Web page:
Health information for staff, parents and caregivers
Several schools and early child education centres (ECC) in the greater Wellington region have had influenza outbreaks. The outbreaks have resulted in up to 30% absenteeism on the worst days, which is disruptive and stressful for families and affected schools/centres.
The main symptoms of influenza are:
- sometimes vomiting or diarrhoea in younger children.
Symptoms usually last three to four days, but can last up to seven days.
The following information will help you to support your school/centre to reduce the spread of influenza.
What should I do if my child has flu like symptoms?
- Advise a staff member if their child has any of the flu like symptoms listed above.
- Keep sick children at home until they are feeling well and are free from symptoms (usually three to four days but up to seven days).
- Keep their children away from social or sporting events, school productions or camps. This is so they can rest and recover and don’t spread illness to others.
- Check that their child’s school/ECC has their correct and up-to-date contact details in case they need to be contacted.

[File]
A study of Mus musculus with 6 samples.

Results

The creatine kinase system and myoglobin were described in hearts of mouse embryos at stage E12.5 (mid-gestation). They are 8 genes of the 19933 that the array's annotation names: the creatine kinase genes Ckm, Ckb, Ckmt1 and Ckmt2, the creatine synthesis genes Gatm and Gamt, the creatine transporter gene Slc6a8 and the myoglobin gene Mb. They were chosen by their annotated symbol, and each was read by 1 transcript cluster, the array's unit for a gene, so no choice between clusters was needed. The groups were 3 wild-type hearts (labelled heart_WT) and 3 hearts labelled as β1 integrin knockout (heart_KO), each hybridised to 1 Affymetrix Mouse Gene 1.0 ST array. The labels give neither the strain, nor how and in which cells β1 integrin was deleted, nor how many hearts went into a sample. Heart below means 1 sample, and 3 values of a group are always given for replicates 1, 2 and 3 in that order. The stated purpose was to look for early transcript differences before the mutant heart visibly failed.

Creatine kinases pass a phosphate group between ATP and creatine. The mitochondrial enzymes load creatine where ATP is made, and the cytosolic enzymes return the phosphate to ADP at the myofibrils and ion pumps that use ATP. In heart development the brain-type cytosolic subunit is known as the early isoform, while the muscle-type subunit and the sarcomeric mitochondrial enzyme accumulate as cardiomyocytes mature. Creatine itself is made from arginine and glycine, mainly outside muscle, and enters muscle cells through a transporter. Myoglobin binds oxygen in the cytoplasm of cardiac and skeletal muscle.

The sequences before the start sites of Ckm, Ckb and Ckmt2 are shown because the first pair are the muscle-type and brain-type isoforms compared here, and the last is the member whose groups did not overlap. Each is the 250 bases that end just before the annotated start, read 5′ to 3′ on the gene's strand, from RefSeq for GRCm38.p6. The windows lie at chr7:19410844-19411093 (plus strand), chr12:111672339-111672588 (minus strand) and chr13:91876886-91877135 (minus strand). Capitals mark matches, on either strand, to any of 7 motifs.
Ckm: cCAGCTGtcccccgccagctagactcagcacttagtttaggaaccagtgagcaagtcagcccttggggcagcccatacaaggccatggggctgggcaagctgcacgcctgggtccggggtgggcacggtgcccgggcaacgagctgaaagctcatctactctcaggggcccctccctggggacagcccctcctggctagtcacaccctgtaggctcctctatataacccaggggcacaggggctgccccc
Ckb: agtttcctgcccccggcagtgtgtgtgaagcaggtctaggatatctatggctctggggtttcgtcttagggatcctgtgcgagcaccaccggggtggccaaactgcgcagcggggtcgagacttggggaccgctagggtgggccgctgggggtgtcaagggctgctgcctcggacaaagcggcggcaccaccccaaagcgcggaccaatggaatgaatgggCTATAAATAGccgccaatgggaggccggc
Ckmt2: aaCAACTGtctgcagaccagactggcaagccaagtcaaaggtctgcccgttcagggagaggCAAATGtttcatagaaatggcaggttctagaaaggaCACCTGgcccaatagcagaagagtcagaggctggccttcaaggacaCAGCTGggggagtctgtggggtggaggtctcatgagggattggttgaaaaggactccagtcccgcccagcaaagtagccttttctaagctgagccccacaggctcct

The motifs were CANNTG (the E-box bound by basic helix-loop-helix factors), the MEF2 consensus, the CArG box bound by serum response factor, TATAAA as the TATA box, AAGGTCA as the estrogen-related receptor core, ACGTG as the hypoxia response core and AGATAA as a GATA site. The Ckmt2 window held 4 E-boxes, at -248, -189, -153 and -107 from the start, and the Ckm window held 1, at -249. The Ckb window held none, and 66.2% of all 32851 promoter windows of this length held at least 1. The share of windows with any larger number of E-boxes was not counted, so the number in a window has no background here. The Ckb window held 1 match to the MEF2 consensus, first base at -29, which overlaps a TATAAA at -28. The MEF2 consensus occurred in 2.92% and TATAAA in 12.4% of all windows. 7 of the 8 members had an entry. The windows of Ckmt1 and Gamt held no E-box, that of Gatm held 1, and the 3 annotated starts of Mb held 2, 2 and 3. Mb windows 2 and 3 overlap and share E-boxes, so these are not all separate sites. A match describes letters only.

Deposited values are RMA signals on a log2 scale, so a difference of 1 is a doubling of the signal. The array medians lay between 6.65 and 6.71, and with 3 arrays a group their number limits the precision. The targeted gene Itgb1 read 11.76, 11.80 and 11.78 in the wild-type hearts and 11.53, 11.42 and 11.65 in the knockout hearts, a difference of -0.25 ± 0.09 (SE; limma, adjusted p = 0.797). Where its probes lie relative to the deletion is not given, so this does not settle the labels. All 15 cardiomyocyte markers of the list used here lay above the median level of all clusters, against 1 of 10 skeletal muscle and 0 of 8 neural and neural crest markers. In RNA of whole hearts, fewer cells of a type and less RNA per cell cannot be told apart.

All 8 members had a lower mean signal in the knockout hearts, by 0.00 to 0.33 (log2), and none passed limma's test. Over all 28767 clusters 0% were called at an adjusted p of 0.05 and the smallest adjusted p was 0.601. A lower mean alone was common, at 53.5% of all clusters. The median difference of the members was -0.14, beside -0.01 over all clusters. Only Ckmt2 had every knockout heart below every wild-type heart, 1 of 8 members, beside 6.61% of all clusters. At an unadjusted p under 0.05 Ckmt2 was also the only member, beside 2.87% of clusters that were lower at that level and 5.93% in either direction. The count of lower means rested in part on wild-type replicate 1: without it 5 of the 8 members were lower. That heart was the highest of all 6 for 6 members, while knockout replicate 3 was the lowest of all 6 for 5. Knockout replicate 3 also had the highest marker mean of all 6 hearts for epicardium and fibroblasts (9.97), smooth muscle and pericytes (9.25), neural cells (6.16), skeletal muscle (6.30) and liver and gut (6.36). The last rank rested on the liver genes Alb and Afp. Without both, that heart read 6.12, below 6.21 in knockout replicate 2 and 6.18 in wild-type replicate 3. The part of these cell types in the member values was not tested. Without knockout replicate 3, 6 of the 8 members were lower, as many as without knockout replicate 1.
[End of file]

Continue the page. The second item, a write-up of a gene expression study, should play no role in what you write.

If anyone in your family has influenza, we ask that they don’t visit hospitals or community care homes, or see people who may be at high risk of serious illness such as pregnant women, babies or anyone who has cancer, or lung, heart, or kidney conditions.
Take care: it is important to use tissues to cover coughs and sneezes and to be very good about washing and drying hands thoroughly. An influenza brochure accessible at www.rph.org.nz/influenza has some good tips for looking after people with influenza and stopping it spreading to other people at home.
A note on meningococcal disease
Initially, meningococcal disease can look like influenza. It’s important to know the signs and symptoms because it can develop very quickly. It can be treated with antibiotics but early treatment is critical.
Meningococcal vaccines to protect against meningitis are available in New Zealand, but are not free.
- Two vaccines are needed to protect against the most common strains (B, W, C, Y, A).
- Protection from the vaccine lasts from three to five years.
- If you’re interested in immunisation, talk to your doctor or nurse about the availability and cost of vaccines.